Adult Learner Characteristics Important for Successful Learning in Cross-Cultural Web-Based Learning Environments in Higher Education

Adult Learner Characteristics Important for Successful Learning in Cross-Cultural Web-Based Learning Environments in Higher Education

Joseph George M. Lutta (Ajman University, UAE)
DOI: 10.4018/978-1-5225-8286-1.ch010

Abstract

For more than 40 years, cognitive psychological perspectives have dominated pedagogical frameworks and models for designing technology-mediated teaching and learning environments. Social learning perspectives are increasingly becoming viable or even desirable frames for research and practice as pertains to teaching and learning, particularly in web-based learning environments (WBLEs). The author considers these social learning perspectives and how they relate to the design and implementation of curricula that are delivered in web-based learning environments in higher education. The author further reviews the foundational theories of adult learning that enhance adult learners' experiences in cross-cultural web-based learning environments. This review and analysis of the research related to social learning perspectives on WBLEs have three implications for future research and practice: (1) examining learners' individual characteristics in WBLEs, (2) identifying strategies for promoting social interaction in WBLEs, and (3) developing effective design principles for WBLEs. The author presents recommendations for future research.

This chapter explores the social learning perspectives and their application in the design, development, and implementation of instruction delivered in web-based learning environments (WBLEs). For the purposes of this chapter, WBLEs are viewed as settings that enable online learners to interact and observe the results of their interactions while responding to and engaging with others, leading to a possible development of a more cohesive community of learners (Hill et al., 2009). Although there are many other useful formats for online learning, the focus of this chapter is on Web-based learning environments that are interactive in nature and that transcend culture, nations, and regions. Several factors influence the teaching and learning process with regard to social learning perspectives: context, culture and community, and learner characteristics (Hill et al., 2009). Some of these factors are discussed in detail in the following paragraphs. First, the author examines context as an integral part of the teaching-learning process, particularly in cross-cultural web-based learning environments. Second, the author discusses culture and community as an overarching factor that supports the teaching-learning process. Lastly, a detailed review of learner characteristics is provided. The author believes that learners’ characteristics play a critical role in cross-cultural web-based learning environments. Understanding adult learner characteristics is a critical first step in the planning, design, delivery and assessment of instruction in higher education.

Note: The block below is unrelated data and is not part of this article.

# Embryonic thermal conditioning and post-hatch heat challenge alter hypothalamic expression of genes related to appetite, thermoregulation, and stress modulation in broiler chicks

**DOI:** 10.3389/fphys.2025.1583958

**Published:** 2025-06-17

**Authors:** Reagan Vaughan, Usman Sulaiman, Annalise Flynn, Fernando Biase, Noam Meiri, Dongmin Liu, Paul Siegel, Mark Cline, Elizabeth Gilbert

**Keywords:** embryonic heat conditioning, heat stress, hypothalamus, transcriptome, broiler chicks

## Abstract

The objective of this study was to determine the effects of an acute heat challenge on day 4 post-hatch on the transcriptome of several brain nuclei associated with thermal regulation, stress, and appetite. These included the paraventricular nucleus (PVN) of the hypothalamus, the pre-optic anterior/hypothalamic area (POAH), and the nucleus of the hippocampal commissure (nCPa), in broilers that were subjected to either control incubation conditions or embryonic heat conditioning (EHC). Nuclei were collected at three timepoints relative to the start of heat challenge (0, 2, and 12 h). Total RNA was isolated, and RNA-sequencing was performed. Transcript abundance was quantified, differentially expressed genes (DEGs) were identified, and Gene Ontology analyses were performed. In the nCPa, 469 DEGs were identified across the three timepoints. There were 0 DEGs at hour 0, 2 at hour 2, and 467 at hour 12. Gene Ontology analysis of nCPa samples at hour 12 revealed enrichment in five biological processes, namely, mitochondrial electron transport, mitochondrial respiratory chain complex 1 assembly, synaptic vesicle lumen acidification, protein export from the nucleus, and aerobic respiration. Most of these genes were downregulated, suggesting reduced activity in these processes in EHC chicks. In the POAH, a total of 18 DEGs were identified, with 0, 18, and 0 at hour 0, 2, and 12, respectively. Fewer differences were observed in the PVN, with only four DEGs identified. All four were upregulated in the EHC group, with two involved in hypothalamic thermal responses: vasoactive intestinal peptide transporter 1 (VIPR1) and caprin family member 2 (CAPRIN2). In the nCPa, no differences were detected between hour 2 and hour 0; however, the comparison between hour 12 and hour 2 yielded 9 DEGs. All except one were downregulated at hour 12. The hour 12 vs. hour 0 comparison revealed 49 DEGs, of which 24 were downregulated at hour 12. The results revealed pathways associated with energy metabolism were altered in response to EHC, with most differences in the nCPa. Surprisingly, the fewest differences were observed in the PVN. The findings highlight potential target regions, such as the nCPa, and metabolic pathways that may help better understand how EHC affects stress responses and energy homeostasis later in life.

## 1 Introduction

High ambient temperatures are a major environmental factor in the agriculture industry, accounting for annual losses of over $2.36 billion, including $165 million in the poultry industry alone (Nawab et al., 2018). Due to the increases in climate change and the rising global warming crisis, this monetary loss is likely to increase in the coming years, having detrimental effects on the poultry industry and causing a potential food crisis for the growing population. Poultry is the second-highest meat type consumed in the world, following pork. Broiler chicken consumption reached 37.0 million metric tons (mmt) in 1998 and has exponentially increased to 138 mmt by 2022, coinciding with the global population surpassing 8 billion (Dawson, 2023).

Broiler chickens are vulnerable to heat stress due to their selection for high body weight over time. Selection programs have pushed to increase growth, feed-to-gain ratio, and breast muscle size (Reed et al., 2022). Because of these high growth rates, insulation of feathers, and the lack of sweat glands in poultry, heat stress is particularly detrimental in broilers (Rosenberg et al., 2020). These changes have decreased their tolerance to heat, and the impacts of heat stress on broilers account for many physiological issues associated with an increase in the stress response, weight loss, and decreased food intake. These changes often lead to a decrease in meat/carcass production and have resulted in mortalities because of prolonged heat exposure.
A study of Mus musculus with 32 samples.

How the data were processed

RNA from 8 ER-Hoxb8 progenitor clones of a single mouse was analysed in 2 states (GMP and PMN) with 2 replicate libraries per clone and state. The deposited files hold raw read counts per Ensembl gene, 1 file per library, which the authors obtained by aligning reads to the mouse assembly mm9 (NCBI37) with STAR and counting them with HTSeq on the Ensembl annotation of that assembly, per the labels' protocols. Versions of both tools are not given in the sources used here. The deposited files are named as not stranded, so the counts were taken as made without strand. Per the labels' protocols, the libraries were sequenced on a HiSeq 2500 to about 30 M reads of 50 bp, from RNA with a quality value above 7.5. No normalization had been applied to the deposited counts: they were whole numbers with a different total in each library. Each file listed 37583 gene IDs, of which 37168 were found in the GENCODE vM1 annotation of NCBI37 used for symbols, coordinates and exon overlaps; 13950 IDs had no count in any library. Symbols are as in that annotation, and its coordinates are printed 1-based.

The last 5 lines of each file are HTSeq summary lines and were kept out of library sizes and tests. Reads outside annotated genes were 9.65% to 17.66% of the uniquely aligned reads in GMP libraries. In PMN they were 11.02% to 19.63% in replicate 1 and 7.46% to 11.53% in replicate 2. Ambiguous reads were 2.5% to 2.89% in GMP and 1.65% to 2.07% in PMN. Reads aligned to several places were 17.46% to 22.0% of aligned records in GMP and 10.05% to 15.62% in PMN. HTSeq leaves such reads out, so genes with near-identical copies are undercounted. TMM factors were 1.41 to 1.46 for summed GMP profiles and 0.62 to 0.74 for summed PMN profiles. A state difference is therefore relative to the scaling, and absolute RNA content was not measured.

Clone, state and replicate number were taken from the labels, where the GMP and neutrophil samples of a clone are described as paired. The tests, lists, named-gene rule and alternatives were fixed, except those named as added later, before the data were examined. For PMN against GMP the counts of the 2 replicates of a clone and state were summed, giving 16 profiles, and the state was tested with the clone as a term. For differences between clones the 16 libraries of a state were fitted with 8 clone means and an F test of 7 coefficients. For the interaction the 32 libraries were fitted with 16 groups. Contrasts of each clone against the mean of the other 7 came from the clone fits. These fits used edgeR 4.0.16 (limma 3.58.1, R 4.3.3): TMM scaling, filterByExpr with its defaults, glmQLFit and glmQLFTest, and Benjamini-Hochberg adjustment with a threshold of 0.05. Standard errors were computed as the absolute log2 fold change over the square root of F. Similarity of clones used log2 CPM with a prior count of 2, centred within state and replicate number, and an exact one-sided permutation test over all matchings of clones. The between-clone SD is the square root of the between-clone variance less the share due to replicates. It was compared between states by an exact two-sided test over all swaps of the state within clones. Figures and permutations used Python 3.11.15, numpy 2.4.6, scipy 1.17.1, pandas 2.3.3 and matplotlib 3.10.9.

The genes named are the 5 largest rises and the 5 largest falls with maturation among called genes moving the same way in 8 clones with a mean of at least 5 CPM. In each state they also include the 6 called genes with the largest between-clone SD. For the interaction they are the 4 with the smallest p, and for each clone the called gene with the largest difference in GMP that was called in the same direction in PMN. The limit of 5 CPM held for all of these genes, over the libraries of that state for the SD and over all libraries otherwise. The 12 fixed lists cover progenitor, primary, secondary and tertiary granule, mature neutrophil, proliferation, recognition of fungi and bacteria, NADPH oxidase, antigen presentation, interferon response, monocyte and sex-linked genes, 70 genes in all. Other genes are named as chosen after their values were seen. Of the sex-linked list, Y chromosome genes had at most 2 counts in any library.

Key Terms in this Chapter

Web-Based Learning Environment (WBLE): An all-in-one teaching and learning software package. A WBLE typically combines functions such as discussion boards, chat rooms, online assessment, tracking of students’ use of the web, and course administration.

Pedagogy: The academic discipline that deals with the theory and practice of teaching and how these influence student learning.

Adult Learner: A person who is 25 years and above, who is involved in forms of learning. Many of the adult learners go back to school to finish a diploma or a degree or earn a new one.

Distance Education: The practice of using correspondence, either written or virtual, to learn. This helps students access teachers who may live geographically too far away to attend a class.

Andragogy: A theory of adult learning that details some of the ways in which adults learn differently than children.

Cognition: The process by which knowledge and understanding is developed in the mind.

Self-Efficacy: An individual's belief in his or her capacity to execute behaviors necessary to produce specific performance attainments.

Self-Directed Learning: An instructional strategy where the students, with guidance from the teacher, decide what and how they will learn.

Behavioral Learning Theories: Theories that view learning as a change in the form or frequency of behavior as a consequence of environmental events.

Social Learning Perspectives: Views on the theory of learning and social behavior, which proposes that behaviors can be acquired by observing and imitating others.